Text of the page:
Often, if you go to a mindfulness meditation class, the guidance will be to allow your breath to be natural. In other words, don’t control it.
If you go to a yoga class though, you will likely receive instruction to intentionally lengthen and control your breathing, at least some of the time.
So, if yoga and meditation are all part of the same process, or at least have similar aims, why this seeming difference in instructions?
The answer is actually pretty simple.
It lies in understanding that both meditation and yoga are processes that have distinct phases. Both meditation and yoga unfold over time. The choice that a skilled, experienced practitioner makes about whether to bring intention and direction to breathing or to allow it to be natural depends on what they are experiencing as that process unfolds.
The Buddha himself, in a talk he gave to a large group of his meditation students, suggested that it’s useful for meditators to be aware of when the breath is long and when the breath is short.
By and large, when we sit down to meditate, some emotional and physical residues of our lives are generally present, so at first we may find the breathing jagged, rough or strained. When this is the case, taking some longer, slower intentional breaths until the bodily system has settled, can serve the meditation practice. Then, the intention to breathe more fully can be released. Very likely, the breathing will grow slower and shorter as the physical and emotional demands of ordinary life activity fade into the past as the person simply sits.
I suspect the ancient and essential mindfulness practice of being aware of the long breath and aware of the short breath may have led to a much of the development of the yogic systems of breath development, which offer profoundly helpful – albeit subtle and complex – methods for creating, enhancing and sustaining well-being by exploring and gently directing the breath.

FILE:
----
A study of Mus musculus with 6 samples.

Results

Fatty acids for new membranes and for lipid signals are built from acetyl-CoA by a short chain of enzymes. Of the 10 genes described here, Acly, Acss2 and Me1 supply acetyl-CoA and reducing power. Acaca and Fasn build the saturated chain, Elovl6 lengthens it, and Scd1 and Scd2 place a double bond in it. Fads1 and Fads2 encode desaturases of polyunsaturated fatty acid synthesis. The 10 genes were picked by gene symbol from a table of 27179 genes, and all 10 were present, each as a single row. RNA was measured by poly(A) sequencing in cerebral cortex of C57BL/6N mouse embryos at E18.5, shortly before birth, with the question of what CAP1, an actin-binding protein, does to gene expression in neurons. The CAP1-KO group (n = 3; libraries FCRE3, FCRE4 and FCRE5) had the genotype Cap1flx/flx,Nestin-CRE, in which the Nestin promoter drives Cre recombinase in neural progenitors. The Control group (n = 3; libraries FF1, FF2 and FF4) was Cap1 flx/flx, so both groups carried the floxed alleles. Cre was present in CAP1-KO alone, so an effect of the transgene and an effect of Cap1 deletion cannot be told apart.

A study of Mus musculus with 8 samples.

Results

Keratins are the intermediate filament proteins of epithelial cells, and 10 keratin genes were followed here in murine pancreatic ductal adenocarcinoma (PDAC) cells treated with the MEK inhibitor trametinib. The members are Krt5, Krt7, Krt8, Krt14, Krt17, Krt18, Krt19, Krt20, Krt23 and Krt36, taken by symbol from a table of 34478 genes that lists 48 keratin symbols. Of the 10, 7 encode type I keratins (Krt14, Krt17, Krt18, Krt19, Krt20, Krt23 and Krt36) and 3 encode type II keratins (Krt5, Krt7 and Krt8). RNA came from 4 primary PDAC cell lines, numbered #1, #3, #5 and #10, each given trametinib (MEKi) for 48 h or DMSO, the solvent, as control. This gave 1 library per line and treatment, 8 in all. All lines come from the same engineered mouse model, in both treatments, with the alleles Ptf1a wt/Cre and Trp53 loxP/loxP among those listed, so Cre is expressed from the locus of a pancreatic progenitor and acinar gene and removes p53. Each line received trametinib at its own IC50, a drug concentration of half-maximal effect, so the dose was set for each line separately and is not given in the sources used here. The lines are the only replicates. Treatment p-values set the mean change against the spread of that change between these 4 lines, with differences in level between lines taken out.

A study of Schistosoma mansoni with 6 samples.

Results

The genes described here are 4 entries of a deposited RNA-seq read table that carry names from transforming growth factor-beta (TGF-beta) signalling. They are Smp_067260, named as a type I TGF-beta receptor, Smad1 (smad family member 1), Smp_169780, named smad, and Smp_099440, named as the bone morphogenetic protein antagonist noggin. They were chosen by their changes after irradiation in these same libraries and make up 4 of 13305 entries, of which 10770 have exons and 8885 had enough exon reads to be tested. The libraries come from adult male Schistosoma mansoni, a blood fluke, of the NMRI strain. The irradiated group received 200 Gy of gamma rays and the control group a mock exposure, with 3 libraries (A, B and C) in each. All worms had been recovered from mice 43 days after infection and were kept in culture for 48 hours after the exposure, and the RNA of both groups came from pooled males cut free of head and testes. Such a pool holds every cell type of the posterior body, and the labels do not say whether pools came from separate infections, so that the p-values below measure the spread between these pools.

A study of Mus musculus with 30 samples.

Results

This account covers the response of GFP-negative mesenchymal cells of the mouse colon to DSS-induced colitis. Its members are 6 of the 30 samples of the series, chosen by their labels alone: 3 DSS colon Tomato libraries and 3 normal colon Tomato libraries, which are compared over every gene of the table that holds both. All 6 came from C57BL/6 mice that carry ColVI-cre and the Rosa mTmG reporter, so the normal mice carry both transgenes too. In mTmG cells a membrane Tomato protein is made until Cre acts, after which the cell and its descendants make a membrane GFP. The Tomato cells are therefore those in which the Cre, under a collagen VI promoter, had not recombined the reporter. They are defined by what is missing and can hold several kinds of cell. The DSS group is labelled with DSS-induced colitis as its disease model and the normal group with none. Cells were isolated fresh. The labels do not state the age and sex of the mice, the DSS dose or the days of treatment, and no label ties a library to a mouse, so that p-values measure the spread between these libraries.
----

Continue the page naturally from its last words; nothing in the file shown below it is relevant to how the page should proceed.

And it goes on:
Today, modern science is beginning to agree with the ancient yogis about the importance of breathing well for phiscial and mental health. Some noteworthy, evidence-informed benefits of breathing mindfully include:
- Decreasing stress chemicals (e.g. cortisol)
- Reducing bodily tension;
- Enhancing circulation and digestion;
- Increasing body awareness and balance;
- Improving focus and clarity;
- Activating the lymph system, which purges toxins and reduces anxiety;
- Facilitating enjoyment of the present moment.
Given all this, I suggest to my students practicing awareness of both voluntary and involuntary breathing. Awareness of intentional breathing, practiced gently and following both ancient yogic wisdom and modern science-backed techniques, sets the stage for an experiential learning process that can greatly enhance physical and emotional well-being. Awareness of involuntary breathing takes the practitioner deeper into the layers of contemplative practice that heal the mind and lead toward wisdom, freedom from suffering and inner peace.